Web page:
Burnished Airports Give You So Much More

Burnished Airports Give You So Much More

When traveling, I obviously prefer to drive, if for no other reason than the wider palette of options for adventure. Circumstances often dictate a less relaxed mode of transportation, however, and this is when I opt to fly. (Actually, I love flying, but that’s a tangent I haven’t the room to pursue here.) In the past couple of years I’ve spent some waiting room time in aiports in Kansas City, Detroit and Traverse City, and was left unimpressed by the relatively Spartan accommodations, especially in comparison to the glimpses of Orlando International Aiport I got while dashing in to catch flights and out to catch rides home.

So I got this wild hair to go check out OIA. Actually, it’s a a hair with a long root. Back in the early 80s, fresh out of college and easily amused, my roommate and I would head out to the airport to ride the monorails back and forth in the wee hours, chanting “Warriors! Come out and plaaa-aay!” like the guy in the movie “Warriors”. Other easily-amused poebuckers park along the fence on Frontage Road facing the Beeline Expressway and watch the planes land and take off (lucrative enough a crowd that a concession stand shows up occasionally). Maybe it’s the aura of second-hand travel thrills. Maybe it’s just the cheapness.

Like all the roads in Central Florida, Orlando International is in a constant state of construction and expansion. This limits the access to the pricey parking lots, so we decided to leave the Davemobile at home and use the bus (the $2 round trip would be cheaper than the parking and we could drink all we pleased without becoming road hazards). The buses don’t run 24-7, so we grabbed a schedule so we wouldn’t get stranded after dark and have to look for an insane cabbie to take us thirty miles out of our way to get home (who says this isn’t a big city?)

The drive into the airport is not unlike entering a theme park – Airliner World. Rolling faux-tropical landscaping passes by your window as you loop around the babylonian parking garages and approach the main terminal. The foyer in front of the in-terminal Hyatt hotel is a huge, airy space with subdued natural lighting. Escalators hum, fountains gurgle, shops becon. That’s when you realize …

You’re at the mall.

Granted, many of the little gift shops, newsstands and pubs are traditional airport stores, especially when you get out to the gates. But here at the epicenter of the airport is a familiar clot of shops – a pseudo-Spencers, a cd store, a Discovery Store. The Big Three attractions have gift shop outlets, and there is a Warner Brothers shop as well. (Surprisingly, the studio stores and the Discovery shop had prices on par with their mall counterparts – I expected a markup for those trapped between flights and jonesing for one last souvenir.) The Universal shop had an especially diverse collection of cool gewgaws, especially those related to comics and Dr. Seuss. I also killed a good hour exploring the Discovery Store’s jarring collection of cool fossils, New Agey hooey and World War II memorabilia.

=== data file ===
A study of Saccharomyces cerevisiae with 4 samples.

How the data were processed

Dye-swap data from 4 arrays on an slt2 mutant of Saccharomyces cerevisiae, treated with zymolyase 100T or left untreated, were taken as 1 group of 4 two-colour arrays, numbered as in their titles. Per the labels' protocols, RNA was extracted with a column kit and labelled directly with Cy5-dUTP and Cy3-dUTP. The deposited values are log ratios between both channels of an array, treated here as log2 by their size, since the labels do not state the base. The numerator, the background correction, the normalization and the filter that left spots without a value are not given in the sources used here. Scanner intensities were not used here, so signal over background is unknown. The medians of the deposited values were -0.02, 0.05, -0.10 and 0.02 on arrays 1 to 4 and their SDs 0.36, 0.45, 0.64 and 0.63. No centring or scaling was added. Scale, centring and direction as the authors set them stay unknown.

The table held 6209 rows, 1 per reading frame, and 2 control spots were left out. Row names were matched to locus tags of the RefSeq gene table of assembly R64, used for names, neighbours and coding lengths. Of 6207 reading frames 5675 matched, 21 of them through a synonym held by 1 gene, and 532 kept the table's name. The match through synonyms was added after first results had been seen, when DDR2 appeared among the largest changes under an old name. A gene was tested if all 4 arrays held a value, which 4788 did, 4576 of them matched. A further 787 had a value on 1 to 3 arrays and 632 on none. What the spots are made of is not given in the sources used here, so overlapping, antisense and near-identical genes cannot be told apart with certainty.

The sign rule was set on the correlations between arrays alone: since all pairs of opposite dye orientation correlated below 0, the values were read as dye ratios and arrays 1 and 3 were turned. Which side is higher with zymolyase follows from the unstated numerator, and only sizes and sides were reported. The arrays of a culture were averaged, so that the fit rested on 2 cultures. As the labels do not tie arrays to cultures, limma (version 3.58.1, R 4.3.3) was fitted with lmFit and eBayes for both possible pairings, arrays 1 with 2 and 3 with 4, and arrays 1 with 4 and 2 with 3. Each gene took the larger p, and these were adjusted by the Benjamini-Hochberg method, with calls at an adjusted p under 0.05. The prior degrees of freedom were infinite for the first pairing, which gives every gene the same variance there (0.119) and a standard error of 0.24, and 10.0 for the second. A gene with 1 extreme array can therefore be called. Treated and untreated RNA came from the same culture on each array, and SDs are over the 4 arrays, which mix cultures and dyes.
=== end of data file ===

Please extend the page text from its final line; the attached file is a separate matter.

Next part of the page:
You can take subway car-type monorails to the outlying gates, where you can get some fast food or an adult beverage and watch the planes and people come and go. We opted instead to check out the Shipyard Brewery in the main Hall of Stores. Billed as the first airport-based microbrewery, the brews were good, the burgers undistinguished, the motif puzzling. Would one name a seaside microbrewery The Hangar and decorate it with model planes and old parachutes? Still, they serve a reasonable brew sampler, so microbrew buffs should be aware and check it out.

There is a minor museum aspect to the terminal, to be fair. Fish tanks abound, and not just at the Sea World shop. A people-mover conveyor belt brings one past a display of NASA artifacts, including moon rocks. The monorail terminals are flanked by monumental pieces of artwork by internationally prominent artists.

I don’t know if I can truly recommend a trip out to OIA as a genuine road trip experience, but if you feel like “mall ratting” but don’t feel like yet another trip to Fascist Square, y’know, what the hell. Watching other people travel is the next best thing to travelling yourself.